Constitutional showdown looms over future layoffs
06/23/09 5:50PM By Bob Kinzel  Download MP3
(Host) The Attorney General's office says it's probably constitutional for the Legislature to weigh in on whether state workers can be laid off.
A provision in the new state budget requires the governor to get legislative approval before laying off more than one percent of the state's work force.
Governor Jim Douglas says he still might challenge the provision in court.
VPRs Bob Kinzel reports.
(Kinzel) Originally, Democratic leaders wanted to require the governor to seek their approval before he enacted any additional layoffs but they modified this provision and that change may be the reason why the Attorney General's office thinks the law is constitutional.
The law allows the governor to lay off up to one percent of the state's workforce on his own - this would be roughly 80 employees. But it requires the approval of the Legislature's Joint Fiscal committee if he wants to implement a larger number of layoffs.
Chief Assistant Attorney General Bill Griffin says he thinks a court would find the law to be constitutional because it balances the rights of both the executive and legislative branches of government:
(Griffin) "There's no bright line the way this law is written. We think it gives the governor the executive branch some leeway, some discretion, to execute the laws with the 1% threshold. And then after that point it maybe moves more towards the policy side, which is the legislative. So putting all that together, our best guess is that the court - if it's asked to review this - probably would approve it."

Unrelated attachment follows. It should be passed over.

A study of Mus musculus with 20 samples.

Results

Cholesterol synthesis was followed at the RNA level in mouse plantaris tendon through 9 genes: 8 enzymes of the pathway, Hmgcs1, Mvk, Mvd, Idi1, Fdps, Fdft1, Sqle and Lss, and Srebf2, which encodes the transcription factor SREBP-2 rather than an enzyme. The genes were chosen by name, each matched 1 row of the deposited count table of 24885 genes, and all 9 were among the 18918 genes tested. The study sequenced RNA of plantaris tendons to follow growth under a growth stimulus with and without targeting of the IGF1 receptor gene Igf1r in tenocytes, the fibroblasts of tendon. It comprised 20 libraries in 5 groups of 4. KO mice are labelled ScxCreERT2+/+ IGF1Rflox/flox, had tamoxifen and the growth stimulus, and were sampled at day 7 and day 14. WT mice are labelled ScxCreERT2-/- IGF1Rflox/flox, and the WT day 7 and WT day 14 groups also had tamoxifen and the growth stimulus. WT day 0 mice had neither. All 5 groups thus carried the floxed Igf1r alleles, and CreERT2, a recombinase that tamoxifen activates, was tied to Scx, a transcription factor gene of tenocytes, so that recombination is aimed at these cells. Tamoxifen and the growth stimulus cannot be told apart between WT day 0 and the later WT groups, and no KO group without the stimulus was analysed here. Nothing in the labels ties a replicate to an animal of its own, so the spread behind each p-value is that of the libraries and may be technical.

(Kinzel) Douglas says he still believes the law unfairly limits his authority. He says he'll make a decision about challenging it in court later in the summer:
(Douglas) "Whether we reach that, I don't know. Because we've got the early retirement incentive that's out there now we won't know until the end of July how many people are signed up for that. We won't know until the middle of next month what the revenue picture looks like for the next year or two. So I don't know whether that will be tested or not at this point."
(Kinzel) Senate president Peter Shumlin says there would be no need to enact any additional layoffs if the Governor followed a section in the new budget that outlines workforce savings.
This proposal includes eliminating cost of living increases for state employees for the next two years and asking employees to take ten furlough days a year:
(Shumlin) "Let's remember that Vermont is one of the few states in the country that is decimating its state workforce to achieve the savings. And the Governor has refused to work with the union belligerently right from the beginning and that's why the Legislature took the stand that we did. And I urge the governor to let cooler heads prevail. Work together with the state employees and if it follows the language in our bill he can achieve those savings without one additional layoff."(Kinzel) The Attorney General's opinion concludes that the new 1% threshold doesn't apply to the roughly 100 state employees who were laid off before the 2010 budget was passed at the beginning of this month.
For VPR News I'm Bob Kinzel in Montpelier.